EnBW and Ferroatlantica likely to succeed in battle for Spanish utility

The alliance between Germany’s Energie Baden-Wurttemberg AG (EnBW) and the private Spanish power and industrial group Ferroatlantica is heading for success in its attempt to gain control of Hidroelectica del Cantabrico (Hidrocantabrico).

The Spanish power group has been targeted by a number of companies since March 2000, when TXU-Europe made a failed bid. Hidrocantabrico is the fourth-largest electric utility in Spain and supplies 90 per cent of electricity demand in Spain’s northern Asturia province. It accounts for 7.3 per cent of Spain’s electricity generation and five per cent of the retail market.

The German and Spanish partners now control nearly 60 per cent of Hidrocantabrico between them and have offered $23.7 per share. The consortium will have to negotiate with Electricidade de Portugal (EdP), which has a 19.2 per cent stake in Hidrocantabrico and has itself made a bid for Hidrocantabrico. EnBW and Ferroatlantica will also need to win over local savings bank Cajastur with whom EdP has a shareholders agreement.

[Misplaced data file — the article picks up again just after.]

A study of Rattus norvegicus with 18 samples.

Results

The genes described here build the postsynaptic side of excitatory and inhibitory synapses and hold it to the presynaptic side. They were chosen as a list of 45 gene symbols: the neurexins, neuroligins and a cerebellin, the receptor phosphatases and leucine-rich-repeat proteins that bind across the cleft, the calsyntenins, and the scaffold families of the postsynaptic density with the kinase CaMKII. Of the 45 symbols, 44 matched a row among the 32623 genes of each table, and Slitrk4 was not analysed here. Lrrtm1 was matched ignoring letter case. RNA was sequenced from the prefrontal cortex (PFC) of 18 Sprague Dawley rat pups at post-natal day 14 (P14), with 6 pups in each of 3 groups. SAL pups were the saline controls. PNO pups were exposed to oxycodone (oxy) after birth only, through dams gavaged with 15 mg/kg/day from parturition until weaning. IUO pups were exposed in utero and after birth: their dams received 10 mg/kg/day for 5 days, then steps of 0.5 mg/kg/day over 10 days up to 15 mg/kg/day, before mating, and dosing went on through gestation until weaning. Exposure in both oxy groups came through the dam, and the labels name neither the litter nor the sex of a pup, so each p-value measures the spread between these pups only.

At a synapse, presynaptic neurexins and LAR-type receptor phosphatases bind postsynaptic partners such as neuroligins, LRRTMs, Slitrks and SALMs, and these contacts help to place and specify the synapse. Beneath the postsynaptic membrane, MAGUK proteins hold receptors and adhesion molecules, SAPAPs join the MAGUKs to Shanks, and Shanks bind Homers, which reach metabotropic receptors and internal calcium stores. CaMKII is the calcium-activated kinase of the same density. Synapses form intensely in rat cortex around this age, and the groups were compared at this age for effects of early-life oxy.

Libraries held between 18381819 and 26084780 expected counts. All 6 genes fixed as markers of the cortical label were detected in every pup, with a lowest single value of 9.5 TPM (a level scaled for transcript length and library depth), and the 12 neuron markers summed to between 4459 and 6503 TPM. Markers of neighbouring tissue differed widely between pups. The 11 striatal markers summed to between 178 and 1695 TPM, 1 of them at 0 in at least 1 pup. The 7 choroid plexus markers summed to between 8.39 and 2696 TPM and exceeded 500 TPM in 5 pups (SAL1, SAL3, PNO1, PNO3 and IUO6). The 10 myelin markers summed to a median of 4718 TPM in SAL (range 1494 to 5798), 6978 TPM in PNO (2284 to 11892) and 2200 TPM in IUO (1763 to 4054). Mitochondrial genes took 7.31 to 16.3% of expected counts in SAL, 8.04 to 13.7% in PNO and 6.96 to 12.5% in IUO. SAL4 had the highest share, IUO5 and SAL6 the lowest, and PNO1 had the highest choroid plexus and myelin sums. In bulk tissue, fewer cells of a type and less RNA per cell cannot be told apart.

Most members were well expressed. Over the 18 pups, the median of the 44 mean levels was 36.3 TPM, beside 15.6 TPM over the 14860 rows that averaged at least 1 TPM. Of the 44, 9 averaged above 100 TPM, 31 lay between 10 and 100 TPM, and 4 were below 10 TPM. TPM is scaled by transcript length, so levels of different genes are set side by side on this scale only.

The German and Spanish partners recently acquired a ten per cent holding in Hidrocantabrico from Belgian power group Electrabel for $23.7 per share. Electrabel paid $19.7 per share for the stake in July 2000, and has therefore realised a $45.32m capital gain from the transaction.

Earlier this year, Hidrocantabrico was the target for another German utility, RWE, which at the time, bid $22.5 per share. With Spanish electricity demand projected to grow at a rate of four per cent over the next few years, the deregulated electricity sector is a prime target for growth-hungry multinationals.

EnBW is pursuing a strategy of growth underpinned by strategic investments and alliances such as its partnership with Ferroatlantica. It is part owned by Electricite de France, one of Europe’s biggest energy companies.

The RWE bid for Hidrocantabrico was launched in February 2001 and sought to acquire 100 per cent of the shares. It was seen as a suitable vehicle to manage all of RWE’s activities on the Iberian Peninsula. Although gaining approval from the Spanish stock exchange, the bid was ultimately unsuccessful.